Growing up in Oklahoma in the late 1990s, there were not many opportunities to promote and enhance leadership skills within the American Muslim community. Mosques were doing a great job at preparing many individuals for spiritual leadership, and providing social services to their local community, but a void existed.
After high school I became a member of the Muslim Student Association (MSA) at my local university but, despite the great experiences in getting involved in our communities, the MSA did not prepare us for long-term activism and involvement outside of college. What we were truly lacking was a program that would give us the tools needed to feel empowered and become leaders in our communities.
It is often said that the youth are our future, a notion that you seldom find anyone argue against. In order for the youth to be our future, however, we must empower them to realize their full potential in becoming the leaders of tomorrow. Programs must be implemented to teach young adults the skills necessary to be an active part of their community in Oklahoma and across America. Young Muslims, in particular, will benefit greatly from programs that intertwine an understanding of leadership from both spiritual and organizational perspectives.
Communities across the United States have worked tirelessly to implement programs that will prepare young Muslims to be the leaders of tomorrow. Many of these programs, unfortunately, miss the mark in terms of implementation, funding, resources, or preparation. In the midst of these varied attempts, one program has emerged as a model setting the bar for Muslim youth empowerment in the United States. The Muslim Youth Leadership Symposium (MYLS) was brought to Oklahoma in 2009 and continues in 2012 with its fourth annual program. Young individuals from all over the Heartland have participated and benefited from the lessons and skills obtained through the MYLS program, empowering them to take their new-found knowledge back to their respective communities and implement it. MYLS has found a balance in fostering an understanding in young Muslims of what it truly means to be an American Muslim, and provides these youth with a proactive agenda for positive activism.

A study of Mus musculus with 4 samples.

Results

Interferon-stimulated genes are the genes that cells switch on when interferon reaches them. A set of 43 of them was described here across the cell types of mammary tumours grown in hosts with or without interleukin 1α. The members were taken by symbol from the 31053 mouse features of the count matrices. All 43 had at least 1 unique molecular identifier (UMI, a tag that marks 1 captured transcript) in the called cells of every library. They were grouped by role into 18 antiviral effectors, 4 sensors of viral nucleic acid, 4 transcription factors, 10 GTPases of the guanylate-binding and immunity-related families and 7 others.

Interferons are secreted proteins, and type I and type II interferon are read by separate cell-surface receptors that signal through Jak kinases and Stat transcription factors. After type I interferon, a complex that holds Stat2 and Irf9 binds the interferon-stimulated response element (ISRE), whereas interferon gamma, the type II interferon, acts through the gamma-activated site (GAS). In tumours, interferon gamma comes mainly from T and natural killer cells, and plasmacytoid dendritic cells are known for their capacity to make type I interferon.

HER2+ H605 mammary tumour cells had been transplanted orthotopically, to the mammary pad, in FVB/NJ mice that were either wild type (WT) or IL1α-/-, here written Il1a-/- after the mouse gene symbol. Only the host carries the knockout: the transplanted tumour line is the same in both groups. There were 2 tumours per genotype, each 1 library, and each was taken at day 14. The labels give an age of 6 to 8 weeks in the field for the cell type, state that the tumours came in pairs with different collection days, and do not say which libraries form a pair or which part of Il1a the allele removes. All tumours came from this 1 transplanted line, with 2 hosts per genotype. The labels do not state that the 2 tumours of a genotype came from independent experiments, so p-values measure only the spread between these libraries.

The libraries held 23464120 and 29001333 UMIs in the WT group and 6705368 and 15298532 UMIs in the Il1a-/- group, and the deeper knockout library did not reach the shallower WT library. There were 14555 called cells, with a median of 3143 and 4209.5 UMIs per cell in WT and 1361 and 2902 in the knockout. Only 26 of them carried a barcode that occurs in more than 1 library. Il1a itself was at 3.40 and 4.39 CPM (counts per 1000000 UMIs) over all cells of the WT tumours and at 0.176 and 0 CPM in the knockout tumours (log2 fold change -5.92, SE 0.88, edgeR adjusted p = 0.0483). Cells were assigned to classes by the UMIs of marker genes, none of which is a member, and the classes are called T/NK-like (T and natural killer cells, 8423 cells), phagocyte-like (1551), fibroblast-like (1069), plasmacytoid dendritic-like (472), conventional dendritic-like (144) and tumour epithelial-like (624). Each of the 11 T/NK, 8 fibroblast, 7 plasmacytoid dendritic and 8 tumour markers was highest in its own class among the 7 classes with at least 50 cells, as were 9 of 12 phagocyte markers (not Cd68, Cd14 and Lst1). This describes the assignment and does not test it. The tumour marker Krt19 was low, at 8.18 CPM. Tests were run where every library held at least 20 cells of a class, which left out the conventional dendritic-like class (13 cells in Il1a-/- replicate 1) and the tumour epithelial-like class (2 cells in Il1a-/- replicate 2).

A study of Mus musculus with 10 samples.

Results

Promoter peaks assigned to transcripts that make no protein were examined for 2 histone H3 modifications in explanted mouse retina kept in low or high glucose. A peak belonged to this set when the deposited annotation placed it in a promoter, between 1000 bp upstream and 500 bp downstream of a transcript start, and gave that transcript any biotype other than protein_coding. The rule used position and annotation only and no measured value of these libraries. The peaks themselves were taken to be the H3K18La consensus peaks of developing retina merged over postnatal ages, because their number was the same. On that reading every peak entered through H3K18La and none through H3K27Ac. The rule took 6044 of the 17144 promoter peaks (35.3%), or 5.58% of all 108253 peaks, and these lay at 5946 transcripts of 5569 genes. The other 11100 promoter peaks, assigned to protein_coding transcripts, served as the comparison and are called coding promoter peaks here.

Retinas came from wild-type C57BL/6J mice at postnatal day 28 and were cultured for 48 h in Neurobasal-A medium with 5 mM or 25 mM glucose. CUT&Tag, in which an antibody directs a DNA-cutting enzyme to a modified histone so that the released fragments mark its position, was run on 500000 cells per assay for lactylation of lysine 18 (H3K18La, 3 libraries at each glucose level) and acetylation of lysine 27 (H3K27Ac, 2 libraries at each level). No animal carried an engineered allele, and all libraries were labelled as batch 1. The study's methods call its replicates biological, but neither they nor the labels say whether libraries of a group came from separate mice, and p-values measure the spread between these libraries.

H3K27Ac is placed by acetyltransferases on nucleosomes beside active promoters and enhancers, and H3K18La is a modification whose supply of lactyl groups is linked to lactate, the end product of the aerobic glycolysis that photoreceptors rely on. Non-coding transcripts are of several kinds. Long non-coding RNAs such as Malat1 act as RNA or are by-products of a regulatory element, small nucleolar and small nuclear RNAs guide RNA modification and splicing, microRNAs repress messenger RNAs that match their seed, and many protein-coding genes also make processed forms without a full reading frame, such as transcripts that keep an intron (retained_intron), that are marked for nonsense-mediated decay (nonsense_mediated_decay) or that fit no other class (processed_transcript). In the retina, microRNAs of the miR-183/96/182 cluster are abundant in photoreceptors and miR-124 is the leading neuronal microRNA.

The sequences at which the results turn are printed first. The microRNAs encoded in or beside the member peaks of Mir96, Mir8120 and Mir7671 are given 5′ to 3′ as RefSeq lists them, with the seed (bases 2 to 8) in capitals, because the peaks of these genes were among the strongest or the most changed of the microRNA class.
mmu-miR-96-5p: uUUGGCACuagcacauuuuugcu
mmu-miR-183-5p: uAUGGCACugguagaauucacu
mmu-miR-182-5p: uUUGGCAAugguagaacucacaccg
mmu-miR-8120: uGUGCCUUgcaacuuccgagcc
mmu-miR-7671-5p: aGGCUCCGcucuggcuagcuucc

As the longest running program of its kind in the state of Oklahoma, MYLS has and will continue to provide leaders and activists in our community for years to come. Already we have seen positive results in MYLS participants as they move into leadership roles in their respective communities, pioneer new programs and organizations, and flourish in their academics and careers. In the long run, MYLS participants will have the capabilities to evoke positive changes in our society and be model American Muslim citizens.
– Adam Soltani is a 2012 MYLS Captain. He will lead a workshop titled “Leadership: believing in the WHY, not WHAT.” MYLS will take place July 13 – 15 at Oklahoma City University.